Archive for February, 2011

Today’s post is just a short request. A blogger friend, Amy Rauch Neilson, is a writer, a mom, and is currently undergoing chemo to fight a recurrence of breast cancer. She needs our help – and it won’t cost you a penny, only a minute or two of your time.

Since breast cancer has touched our family and so many people that I know, I am asking a personal favor.

Amy is trying to get her book “It’s In the Genes” published, and to do that, the publishers want to see that she has a following – 5000 subscribers is what they want to see, and she is trying to do that by March 3rd. She is well on her way there, but every subscriber counts.

Please just go to her blog and subscribe via email using the link at the top of her page. I know, I know, we all read blogs in our Google Reader – but just this time, make an exception and sign up for emails – that is the only way she can show the publishers how big of a following she has. Then, later, when you have some time, I highly recommend that you go back and read from her archives. She is a talented writer, with a great sense of humor. I couldn’t help but become part of her cheering section, and I hope you will feel that way too.

In case you want to cut and paste it rather than link, here is the url: http://itsinthegenes.wordpress.com/



Dr. Rouff  offers some great insight about deciding IF you should consider POAS, and if so, when to start trying – based on your own expectations and tolerance. In other words, she tells you how to be “smart” about POAS based on your own personality.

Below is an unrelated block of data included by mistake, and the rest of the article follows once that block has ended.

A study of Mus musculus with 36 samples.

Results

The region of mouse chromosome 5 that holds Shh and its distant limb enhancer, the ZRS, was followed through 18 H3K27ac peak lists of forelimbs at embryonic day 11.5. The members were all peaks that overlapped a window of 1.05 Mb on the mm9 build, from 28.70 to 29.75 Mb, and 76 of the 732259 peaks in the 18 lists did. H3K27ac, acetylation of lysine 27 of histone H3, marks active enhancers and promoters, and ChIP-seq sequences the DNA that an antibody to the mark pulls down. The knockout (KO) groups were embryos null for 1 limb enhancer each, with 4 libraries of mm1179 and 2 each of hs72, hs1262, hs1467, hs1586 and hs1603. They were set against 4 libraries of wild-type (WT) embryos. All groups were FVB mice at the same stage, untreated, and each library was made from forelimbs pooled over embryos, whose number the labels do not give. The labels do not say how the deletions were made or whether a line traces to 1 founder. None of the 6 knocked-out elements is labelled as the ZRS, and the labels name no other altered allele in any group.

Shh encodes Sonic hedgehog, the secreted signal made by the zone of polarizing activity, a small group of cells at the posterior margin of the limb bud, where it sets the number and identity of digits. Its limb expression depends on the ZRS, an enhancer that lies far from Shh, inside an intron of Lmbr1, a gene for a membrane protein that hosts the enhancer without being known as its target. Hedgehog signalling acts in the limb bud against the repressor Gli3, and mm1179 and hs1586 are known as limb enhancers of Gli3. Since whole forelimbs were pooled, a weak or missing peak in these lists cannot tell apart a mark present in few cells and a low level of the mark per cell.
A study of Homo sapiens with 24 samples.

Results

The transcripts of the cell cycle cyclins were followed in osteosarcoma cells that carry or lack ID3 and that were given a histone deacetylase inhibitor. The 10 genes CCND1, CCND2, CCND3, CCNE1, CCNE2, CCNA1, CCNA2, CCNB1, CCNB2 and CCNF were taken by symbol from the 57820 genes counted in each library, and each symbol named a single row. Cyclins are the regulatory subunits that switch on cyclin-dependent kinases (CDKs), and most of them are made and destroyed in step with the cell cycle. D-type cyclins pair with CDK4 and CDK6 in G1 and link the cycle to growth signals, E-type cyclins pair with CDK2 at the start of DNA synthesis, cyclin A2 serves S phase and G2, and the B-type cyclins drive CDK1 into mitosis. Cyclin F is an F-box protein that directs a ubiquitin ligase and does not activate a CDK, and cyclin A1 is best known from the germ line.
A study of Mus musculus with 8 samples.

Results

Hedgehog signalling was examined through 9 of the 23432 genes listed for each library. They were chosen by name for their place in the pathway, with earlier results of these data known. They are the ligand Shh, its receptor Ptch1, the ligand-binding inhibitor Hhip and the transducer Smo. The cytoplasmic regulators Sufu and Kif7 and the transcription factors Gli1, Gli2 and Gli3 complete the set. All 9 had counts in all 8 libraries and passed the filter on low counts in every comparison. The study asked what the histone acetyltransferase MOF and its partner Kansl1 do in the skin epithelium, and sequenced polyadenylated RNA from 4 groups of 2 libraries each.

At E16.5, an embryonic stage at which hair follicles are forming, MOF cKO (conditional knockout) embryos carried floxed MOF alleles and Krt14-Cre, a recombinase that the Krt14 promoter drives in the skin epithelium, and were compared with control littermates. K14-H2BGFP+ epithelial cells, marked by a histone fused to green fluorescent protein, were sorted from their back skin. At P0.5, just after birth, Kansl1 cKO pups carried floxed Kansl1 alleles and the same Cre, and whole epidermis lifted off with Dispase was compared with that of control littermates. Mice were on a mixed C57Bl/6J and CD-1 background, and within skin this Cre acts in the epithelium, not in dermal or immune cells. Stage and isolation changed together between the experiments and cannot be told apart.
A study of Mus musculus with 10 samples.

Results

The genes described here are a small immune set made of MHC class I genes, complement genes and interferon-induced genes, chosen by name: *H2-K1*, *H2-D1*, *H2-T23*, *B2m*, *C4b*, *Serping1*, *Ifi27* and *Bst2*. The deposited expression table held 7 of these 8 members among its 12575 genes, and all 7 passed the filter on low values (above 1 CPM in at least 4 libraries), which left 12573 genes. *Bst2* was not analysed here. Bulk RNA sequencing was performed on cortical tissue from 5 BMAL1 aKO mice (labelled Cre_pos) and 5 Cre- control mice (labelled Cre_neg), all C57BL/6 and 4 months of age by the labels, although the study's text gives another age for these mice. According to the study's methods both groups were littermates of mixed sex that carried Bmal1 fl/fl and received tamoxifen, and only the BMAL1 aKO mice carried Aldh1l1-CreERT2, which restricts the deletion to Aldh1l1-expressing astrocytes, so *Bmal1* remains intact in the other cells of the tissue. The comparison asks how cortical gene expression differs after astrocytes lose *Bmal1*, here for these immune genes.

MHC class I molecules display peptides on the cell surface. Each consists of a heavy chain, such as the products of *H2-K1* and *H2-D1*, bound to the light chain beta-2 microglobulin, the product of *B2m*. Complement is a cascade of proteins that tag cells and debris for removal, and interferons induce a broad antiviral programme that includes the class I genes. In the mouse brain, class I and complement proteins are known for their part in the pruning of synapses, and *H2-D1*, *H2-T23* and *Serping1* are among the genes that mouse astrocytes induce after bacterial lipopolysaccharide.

One consideration that she doesn’t cover, is that sometimes home pregnancy tests can give you a sense of whether the embryo is implanting or not.  If your clinic tells you to test at day 12 – 14 post transfer, you may have a negative test – but not know that the embryo had implanted but your hCG has already fallen to the “not pregnant” level.  The one benefit of POAS rather early (say around 6 – 8 days post transfer for a donor IVF cycle, or 10 – 12 days post trigger shot for an own egg IVF cycle) is that if the embryo implanted and hCG started rising, you will likely get a positive test result early – even though it may turn into a negative if the pregnancy is not viable.   

While that seems like it would get hopes up unnecessarily (which is why some clinics prefer to test around day 14 post transfer), I have seen patients with more than one failed IVF use this information to help determine whether there is simply a failure of the embryo to implant, or whether it may be immune or embryo quality issues that are happening after implantation.  

I don’t necessarily recommend this option for everyone, but it is something to consider as an additional information tool in figuring out the infertility puzzle.

PS- In my experience, the most sensitive test on the market right now is the Target brand (called “UP” I think) two line test.   Stay away from the digital tests – they generally are not as sensitive as the two line tests, which seem to be even more sensitive than the + or – tests.